Personalized Medicine—A Tall Mountain



Nobel prize winner Phillip Sharp of MIT, in the audience, called attention to newly announced plans by both Massachusetts General Hospital and the Memorial Sloan Kettering Cancer Center to genetically screen all their cancer patients. As data build up, analyses would gradually become more and more precise. The hope, Sharp said, was that insurers would cover an anticipated cost of $2,000 per patient.

The Food and Drug Administration, Gilbert said, “is extremely interested in stratifying patients.” FDA sees the possibility of certifying drugs for smaller cohorts of patients. But so far the drug companies, despite recent figures showing $40 billion in sales of biotechnology drugs, aren’t doing this. “They are not happy” with drugs with a non-blockbuster market.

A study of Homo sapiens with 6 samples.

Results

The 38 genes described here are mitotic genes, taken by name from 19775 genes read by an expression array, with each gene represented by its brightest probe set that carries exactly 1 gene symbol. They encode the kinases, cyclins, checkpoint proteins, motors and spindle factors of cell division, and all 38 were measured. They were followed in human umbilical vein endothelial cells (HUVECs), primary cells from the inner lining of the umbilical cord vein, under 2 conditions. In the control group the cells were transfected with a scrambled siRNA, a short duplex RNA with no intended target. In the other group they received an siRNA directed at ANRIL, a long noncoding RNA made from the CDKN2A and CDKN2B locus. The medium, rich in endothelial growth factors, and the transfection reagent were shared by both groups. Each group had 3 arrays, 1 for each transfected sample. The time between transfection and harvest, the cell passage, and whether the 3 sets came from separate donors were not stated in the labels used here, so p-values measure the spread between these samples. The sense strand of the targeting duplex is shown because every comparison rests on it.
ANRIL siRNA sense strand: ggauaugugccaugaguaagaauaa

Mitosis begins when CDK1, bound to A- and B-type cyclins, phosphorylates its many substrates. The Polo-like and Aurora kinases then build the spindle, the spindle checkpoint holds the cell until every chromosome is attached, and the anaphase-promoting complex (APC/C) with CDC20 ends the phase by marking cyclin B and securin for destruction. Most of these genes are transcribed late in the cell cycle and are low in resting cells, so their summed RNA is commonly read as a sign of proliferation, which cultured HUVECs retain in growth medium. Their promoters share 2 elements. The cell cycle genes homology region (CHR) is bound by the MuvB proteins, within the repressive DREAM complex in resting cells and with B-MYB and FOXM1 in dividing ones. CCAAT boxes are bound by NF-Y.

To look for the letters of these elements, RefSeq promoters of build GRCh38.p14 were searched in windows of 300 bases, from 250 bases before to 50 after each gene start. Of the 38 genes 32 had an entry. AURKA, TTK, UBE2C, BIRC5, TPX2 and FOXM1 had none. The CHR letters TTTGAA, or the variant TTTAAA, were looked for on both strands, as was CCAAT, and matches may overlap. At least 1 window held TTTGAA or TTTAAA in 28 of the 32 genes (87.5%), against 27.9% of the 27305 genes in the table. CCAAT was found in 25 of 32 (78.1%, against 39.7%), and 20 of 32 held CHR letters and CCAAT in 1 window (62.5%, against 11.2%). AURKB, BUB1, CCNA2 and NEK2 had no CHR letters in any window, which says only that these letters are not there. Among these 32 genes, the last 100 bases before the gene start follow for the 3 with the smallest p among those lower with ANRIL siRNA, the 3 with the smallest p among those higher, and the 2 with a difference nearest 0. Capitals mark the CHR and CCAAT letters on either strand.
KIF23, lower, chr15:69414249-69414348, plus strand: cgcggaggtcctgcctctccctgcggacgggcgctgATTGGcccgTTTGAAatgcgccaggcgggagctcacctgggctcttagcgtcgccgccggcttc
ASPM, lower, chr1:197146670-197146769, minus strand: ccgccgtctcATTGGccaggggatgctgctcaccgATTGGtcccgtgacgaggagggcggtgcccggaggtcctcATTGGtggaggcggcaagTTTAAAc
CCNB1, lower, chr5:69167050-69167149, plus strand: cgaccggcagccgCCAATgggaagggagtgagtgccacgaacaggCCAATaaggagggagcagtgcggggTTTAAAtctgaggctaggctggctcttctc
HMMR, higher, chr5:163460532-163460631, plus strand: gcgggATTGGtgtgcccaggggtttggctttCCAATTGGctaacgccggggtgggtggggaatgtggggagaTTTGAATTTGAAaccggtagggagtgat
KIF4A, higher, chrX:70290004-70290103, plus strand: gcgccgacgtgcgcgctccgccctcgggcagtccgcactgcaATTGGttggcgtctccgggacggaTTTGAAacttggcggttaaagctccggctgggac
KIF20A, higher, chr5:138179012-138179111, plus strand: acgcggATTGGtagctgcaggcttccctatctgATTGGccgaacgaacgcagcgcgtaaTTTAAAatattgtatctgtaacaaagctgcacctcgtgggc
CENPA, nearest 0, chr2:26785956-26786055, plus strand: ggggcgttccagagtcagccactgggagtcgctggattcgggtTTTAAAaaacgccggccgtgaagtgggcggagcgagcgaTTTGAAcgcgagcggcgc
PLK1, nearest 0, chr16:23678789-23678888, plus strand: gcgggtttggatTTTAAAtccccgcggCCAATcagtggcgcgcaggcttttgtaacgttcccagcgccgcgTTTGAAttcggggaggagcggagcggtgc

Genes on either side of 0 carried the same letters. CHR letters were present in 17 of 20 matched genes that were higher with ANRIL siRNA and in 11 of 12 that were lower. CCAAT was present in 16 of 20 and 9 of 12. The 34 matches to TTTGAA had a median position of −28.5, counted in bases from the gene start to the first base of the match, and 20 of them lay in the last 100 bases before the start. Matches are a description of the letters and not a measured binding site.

Digitizing medical records is a vital part of the public participation Church seeks. That and education in genetics are “not a responsibility but a business opportunity.” So, “You must go around the hospitals and the doctors” to non-medical players like Google and Microsoft and crowd-sourced enterprises like Wikipedia. For Church, “integrated data” and stronger software are important for pulling together information on both rare and common diseases. He said, “People need to share both medical and genetic data.” Millions of people must be “coaxed to share the records they possess.”

Only this will open an escape from the current tyranny in genetic medicine of family history and a still weak “statistical” measurement of individual risk with DNA chips. So Church called for sequencing all the 1,400 rare human genetic diseases to create a single diagnostic test.

Both he and Gilbert saw big tasks calling for major investments, and they both appeared worried about who would come up with the money. How could people’s need for a genomic medicine turn into profit-making opportunities?